Dec. 02, 1968
Dec. 02, 1968

Table of Contents
Dec. 2, 1968

Yesterday/Mrs. Thorntop
Gloves Off
College Football
19th Hole: The Readers Take Over


By Gary Walk

Journalist-experts are not born. Hugh Whall, our sailing writer-expert, got that way by sailing, starting on his own at 9 in a dinghy on the Zwartkops River in his native South Africa. In later years he sailed for others, on some of the fastest boats and with the best skippers in the business. Such background makes for unmistakable authenticity in our sailing coverage. "Writing about skippers is one thing," Whall says, "but to find out what a skipper is really like, don't depend on gossip—sail with him yourself." So what happened this week was logical.

This is an article from the Dec. 2, 1968 issue

Stories had begun to circulate in the sailing world about Ondine, the biggest, fastest, meanest ketch of them all. She is an ocean racer whose genoa fills the sky, a man-killer whose crew reportedly ends each race victorious, close to mutiny—but just too tired to try it. Her Owner-Skipper Huey Long, it was said, is a relentless driver of men, a perfectionist who regards the crew as fuel to make the boat go. Naturally, Hugh signed on.

He tells our first story of Ondine this week on page 84—by way of prelude to helping sail her out of Australia the day after Christmas on the Sydney-to-Hobart ocean race, a particularly demanding test of boats and men.

Not just any writer could have landed the job. Getting ready for Ondine involved years of what might be called Ocean Prep. Whall has sailed for such luminaries as Bill Luders, Ted Hood, Charlie Morgan and Cornelius Bruynzeel aboard such storied boats as Storm, various Robins, Maredea and Stormvogel.

Long before Ondine, people had grumbled about Storm. Luders was antisocial, they said, a skipper who won races and then sent someone else to pick up his prizes. All he really cared about were her sails and her bottom. "Actually," says Hugh, "Luders was a self-effacing master, who simply made more noise with his boats than with his mouth. What counted was that we won and the girls all liked us."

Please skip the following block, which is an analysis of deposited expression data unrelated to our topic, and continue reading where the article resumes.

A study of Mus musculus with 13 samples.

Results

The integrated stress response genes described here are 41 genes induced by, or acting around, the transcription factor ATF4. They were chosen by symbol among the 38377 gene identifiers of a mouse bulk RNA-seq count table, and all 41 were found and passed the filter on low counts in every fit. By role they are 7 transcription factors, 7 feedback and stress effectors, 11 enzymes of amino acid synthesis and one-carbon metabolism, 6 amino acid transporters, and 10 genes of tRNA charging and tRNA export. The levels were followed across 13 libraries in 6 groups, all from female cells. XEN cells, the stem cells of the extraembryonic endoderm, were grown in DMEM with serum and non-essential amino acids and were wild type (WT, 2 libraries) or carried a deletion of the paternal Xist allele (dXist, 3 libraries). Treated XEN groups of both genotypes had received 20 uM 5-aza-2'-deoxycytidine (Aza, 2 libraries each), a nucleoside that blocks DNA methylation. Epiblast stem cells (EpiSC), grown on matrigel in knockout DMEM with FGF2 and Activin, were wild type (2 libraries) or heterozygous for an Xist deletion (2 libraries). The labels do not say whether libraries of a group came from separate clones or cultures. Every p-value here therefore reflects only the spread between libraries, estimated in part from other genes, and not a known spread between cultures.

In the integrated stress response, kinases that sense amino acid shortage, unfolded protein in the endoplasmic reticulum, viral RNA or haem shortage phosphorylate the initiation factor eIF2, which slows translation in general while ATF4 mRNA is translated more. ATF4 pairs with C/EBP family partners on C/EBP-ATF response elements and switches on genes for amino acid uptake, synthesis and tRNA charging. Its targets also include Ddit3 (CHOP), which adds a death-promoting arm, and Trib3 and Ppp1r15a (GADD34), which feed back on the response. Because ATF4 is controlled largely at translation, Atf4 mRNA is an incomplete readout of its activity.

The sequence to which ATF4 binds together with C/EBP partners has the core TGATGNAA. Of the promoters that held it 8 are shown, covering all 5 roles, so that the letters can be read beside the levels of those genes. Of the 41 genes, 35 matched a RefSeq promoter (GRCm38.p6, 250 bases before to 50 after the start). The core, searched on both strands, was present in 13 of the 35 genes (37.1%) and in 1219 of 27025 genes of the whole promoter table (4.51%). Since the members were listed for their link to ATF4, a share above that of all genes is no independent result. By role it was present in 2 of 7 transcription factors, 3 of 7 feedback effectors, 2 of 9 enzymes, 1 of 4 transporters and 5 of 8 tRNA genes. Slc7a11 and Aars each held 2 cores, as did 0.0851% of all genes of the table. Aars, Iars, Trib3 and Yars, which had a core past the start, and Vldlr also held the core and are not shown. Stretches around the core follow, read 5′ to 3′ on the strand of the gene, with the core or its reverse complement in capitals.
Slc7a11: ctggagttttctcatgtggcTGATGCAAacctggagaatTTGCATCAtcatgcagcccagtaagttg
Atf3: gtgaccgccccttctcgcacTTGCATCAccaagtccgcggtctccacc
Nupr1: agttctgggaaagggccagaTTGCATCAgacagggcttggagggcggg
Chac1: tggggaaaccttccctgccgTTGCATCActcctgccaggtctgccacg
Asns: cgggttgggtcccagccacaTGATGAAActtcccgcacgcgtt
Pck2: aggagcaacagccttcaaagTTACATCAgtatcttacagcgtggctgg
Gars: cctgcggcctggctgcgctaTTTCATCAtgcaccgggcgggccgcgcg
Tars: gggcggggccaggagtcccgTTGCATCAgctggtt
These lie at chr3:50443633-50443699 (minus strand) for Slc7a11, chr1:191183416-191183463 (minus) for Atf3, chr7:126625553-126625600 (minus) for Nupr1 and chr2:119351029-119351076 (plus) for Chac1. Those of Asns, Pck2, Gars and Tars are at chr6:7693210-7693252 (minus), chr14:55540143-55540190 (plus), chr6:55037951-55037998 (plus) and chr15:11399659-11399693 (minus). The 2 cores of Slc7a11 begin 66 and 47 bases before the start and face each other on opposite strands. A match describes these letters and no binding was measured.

And aboard the 60-foot yawl Maredea, Skipper Morgan, who had been described as short-fused, stayed calm when the main boom broke in a black squall during the 1965 Miami-Nassau race. There was no stamping and breast-beating as docksiders had predicted. "Instead," says Hugh, "he ate a meal of conch sautéed in onion juice and drank two martinis, just like anyone else."

Of such experiences are inside stories made. Skipper Hood had nerves of rubber, Whall discovered. Racing from St. Petersburg to Fort Lauderdale, Fla., he got off to a late start, ran the race like a cruise around Florida's toe—and still won the division.

Then Whall sailed with Stormvogel to Bermuda—finishing first in that race—and found that her skipper, Bruynzeel, had the manner of a commander of an 18th century man-of-war. He frequently closeted himself in his cabin and was a sharp-tongued boss on deck. This year Stormvogel was beaten by Ondine, and that did it. Whall had a new mission.

"You're going to sail with Huey?" one of Whall's shipmates asked incredulously. "Here, I'll give you the name of my psychiatrist."

In a few weeks Whall will be racing off toward Hobart under the legendary Huey Long, the whip-cracker. Are the stories true? Whall will see. "She's the finest boat of her kind afloat," Whall says. "What more could an expatriate from the Zwartkops River ask?"